The Times paywall: Hit or miss?
So how is the great paywall experiment going at the Times?
First came the report from the web analytics firm Experian Hitwise that showed that two thirds of the Times and Sunday Times web traffic had melted away after the paywall went up at the beginning of the month.
At first glance, that should have them doing the conga around the Wapping newsroom. After all, the bosses at Times Newspapers had made it clear they full expected at least 90% of the audience to depart, so if they'd persuaded a third of them to pay to stay, that would be deemed a huge success.
But then this afternoon a site called Beehive City had some figures that may have made the champagne go flat at the Times. According to the site, just 15,000 people have signed up to pay for access to the papers' two websites - and don't forget that there was an opening offer of £1 for 30 days.
Beehive City says more than 150,000 registered during the free trial period but it appears that only a small minority then opted to pay. The Times won't confirm these figures, so why should we taken any notice of an obscure website?
Well Beehive City is run by Dan Sabbagh, who until last November was the media editor of the Times, so I think we can assume that his sources are excellent.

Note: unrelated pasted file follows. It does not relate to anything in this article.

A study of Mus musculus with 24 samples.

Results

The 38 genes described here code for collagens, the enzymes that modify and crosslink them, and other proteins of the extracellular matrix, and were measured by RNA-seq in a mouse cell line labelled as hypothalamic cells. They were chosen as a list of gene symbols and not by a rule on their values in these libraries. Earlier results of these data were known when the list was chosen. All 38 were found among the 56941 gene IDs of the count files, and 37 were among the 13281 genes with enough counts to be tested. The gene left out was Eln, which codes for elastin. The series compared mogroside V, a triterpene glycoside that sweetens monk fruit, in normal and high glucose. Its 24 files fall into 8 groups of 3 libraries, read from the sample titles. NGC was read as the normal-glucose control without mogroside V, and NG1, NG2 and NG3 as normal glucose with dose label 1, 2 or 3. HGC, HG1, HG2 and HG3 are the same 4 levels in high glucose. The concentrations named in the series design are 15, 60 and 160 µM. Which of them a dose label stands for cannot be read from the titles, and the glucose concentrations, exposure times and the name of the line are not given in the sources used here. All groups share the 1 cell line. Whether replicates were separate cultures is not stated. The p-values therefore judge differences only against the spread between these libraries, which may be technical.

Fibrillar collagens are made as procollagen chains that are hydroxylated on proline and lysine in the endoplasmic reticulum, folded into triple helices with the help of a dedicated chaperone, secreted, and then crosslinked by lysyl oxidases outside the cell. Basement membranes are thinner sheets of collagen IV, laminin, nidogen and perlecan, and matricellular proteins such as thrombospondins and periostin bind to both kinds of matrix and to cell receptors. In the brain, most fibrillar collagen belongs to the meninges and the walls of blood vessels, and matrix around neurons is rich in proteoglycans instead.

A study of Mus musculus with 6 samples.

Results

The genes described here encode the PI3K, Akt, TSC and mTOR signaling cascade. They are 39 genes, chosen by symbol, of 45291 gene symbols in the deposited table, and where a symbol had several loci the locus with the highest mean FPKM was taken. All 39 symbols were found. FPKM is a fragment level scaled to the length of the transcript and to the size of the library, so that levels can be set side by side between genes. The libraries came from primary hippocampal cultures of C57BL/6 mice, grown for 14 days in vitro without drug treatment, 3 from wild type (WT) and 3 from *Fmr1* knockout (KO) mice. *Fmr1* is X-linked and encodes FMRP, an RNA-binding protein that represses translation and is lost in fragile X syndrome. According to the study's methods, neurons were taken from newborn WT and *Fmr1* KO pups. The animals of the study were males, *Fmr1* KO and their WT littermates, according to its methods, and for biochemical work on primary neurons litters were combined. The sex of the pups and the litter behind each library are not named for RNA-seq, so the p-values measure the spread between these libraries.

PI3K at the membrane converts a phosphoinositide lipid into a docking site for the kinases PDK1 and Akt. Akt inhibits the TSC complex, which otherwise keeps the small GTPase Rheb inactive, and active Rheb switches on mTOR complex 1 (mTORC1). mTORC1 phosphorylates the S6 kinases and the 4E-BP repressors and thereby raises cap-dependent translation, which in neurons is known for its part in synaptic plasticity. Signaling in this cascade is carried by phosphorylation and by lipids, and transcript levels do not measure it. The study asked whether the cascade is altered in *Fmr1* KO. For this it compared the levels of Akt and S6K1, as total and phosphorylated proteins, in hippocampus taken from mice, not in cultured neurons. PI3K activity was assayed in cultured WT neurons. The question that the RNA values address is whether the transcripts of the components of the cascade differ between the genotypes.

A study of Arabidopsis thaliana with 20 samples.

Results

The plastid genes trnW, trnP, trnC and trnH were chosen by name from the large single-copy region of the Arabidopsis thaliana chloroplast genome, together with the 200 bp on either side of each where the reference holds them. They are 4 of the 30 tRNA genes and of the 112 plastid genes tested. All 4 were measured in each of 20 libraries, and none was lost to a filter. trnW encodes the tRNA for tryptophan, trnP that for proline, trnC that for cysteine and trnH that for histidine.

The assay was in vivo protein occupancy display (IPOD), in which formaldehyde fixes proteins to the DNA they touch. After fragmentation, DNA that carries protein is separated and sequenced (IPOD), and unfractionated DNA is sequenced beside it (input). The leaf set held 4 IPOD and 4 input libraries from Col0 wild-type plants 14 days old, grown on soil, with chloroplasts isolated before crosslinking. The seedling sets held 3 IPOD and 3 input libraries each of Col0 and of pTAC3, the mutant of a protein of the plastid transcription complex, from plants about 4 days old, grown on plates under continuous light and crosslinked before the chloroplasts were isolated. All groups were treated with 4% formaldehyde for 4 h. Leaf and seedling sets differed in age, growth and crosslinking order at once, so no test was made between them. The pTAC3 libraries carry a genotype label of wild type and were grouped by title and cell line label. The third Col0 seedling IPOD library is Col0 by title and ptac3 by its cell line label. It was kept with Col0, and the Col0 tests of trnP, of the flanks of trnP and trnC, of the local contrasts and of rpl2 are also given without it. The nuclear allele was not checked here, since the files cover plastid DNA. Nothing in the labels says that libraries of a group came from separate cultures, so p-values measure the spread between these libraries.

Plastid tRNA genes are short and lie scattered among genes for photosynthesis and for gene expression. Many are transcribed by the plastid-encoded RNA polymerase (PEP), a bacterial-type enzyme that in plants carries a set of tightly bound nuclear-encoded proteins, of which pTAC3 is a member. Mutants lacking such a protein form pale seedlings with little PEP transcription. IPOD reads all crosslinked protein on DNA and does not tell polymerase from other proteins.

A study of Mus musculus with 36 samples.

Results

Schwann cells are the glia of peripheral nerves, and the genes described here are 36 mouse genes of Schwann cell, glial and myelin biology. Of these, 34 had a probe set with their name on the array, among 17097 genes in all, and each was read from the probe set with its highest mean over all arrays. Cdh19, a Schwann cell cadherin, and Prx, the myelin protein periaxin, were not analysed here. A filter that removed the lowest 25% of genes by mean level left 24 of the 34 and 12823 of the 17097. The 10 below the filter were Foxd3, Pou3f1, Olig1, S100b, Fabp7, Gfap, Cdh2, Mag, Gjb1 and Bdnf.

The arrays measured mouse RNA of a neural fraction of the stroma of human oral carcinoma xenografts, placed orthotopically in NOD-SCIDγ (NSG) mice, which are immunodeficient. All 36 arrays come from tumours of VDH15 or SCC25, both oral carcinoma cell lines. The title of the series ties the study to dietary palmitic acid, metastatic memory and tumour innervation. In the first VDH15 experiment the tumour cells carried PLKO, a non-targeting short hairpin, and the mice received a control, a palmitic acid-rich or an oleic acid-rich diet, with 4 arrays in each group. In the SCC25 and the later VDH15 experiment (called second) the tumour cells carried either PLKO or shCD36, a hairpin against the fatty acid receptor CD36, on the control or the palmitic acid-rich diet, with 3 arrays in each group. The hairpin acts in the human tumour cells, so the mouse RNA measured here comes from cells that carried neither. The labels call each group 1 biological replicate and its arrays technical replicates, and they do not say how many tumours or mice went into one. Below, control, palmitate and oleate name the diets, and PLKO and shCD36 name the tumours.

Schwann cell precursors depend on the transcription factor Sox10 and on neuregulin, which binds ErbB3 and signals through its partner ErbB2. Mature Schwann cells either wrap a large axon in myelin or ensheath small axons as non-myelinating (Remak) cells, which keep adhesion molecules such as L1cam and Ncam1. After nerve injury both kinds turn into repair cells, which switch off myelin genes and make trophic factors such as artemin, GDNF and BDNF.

So why the great gulf between the two sets of figures?
Well it's probably not as big as it first appears. Hitwise is measuring traffic which will include many people who arrive at the Times home page and then decide to go no further. And even if there are far fewer visitors, having paid their money they are likely to come to the site far more regularly and spend a lot more time there.
The strategists at the Times always thought that there was a better future in serving a small select audience of dedicated paying customers than a mass of passers-by - but 15,000 looks a little too select.
Still, Mr Sabbagh does have one set of figures which he believes will cheer up Rupert Murdoch and his lieutenants. He says that 12,500 people have so far paid for The Times app for Apple's iPad, which at £9.99 for 30 days is more expensive than access to the website.
Given the limited number of people who have an iPad that is quite impressive, and the app itself is a very enjoyable way of reading the Times on a small screen. Mind you, if like me they find that downloading the Times each day can crash their device they may not be keen to pay up next month.
It's too early to judge whether the paywall experiment is going to work. But at the moment it looks as though readers are happier to pay for a dedicated application, which can be simply downloaded onto a tablet device than to be bothered with going through the rigmarole of registering on a website and then handing over their credit card details.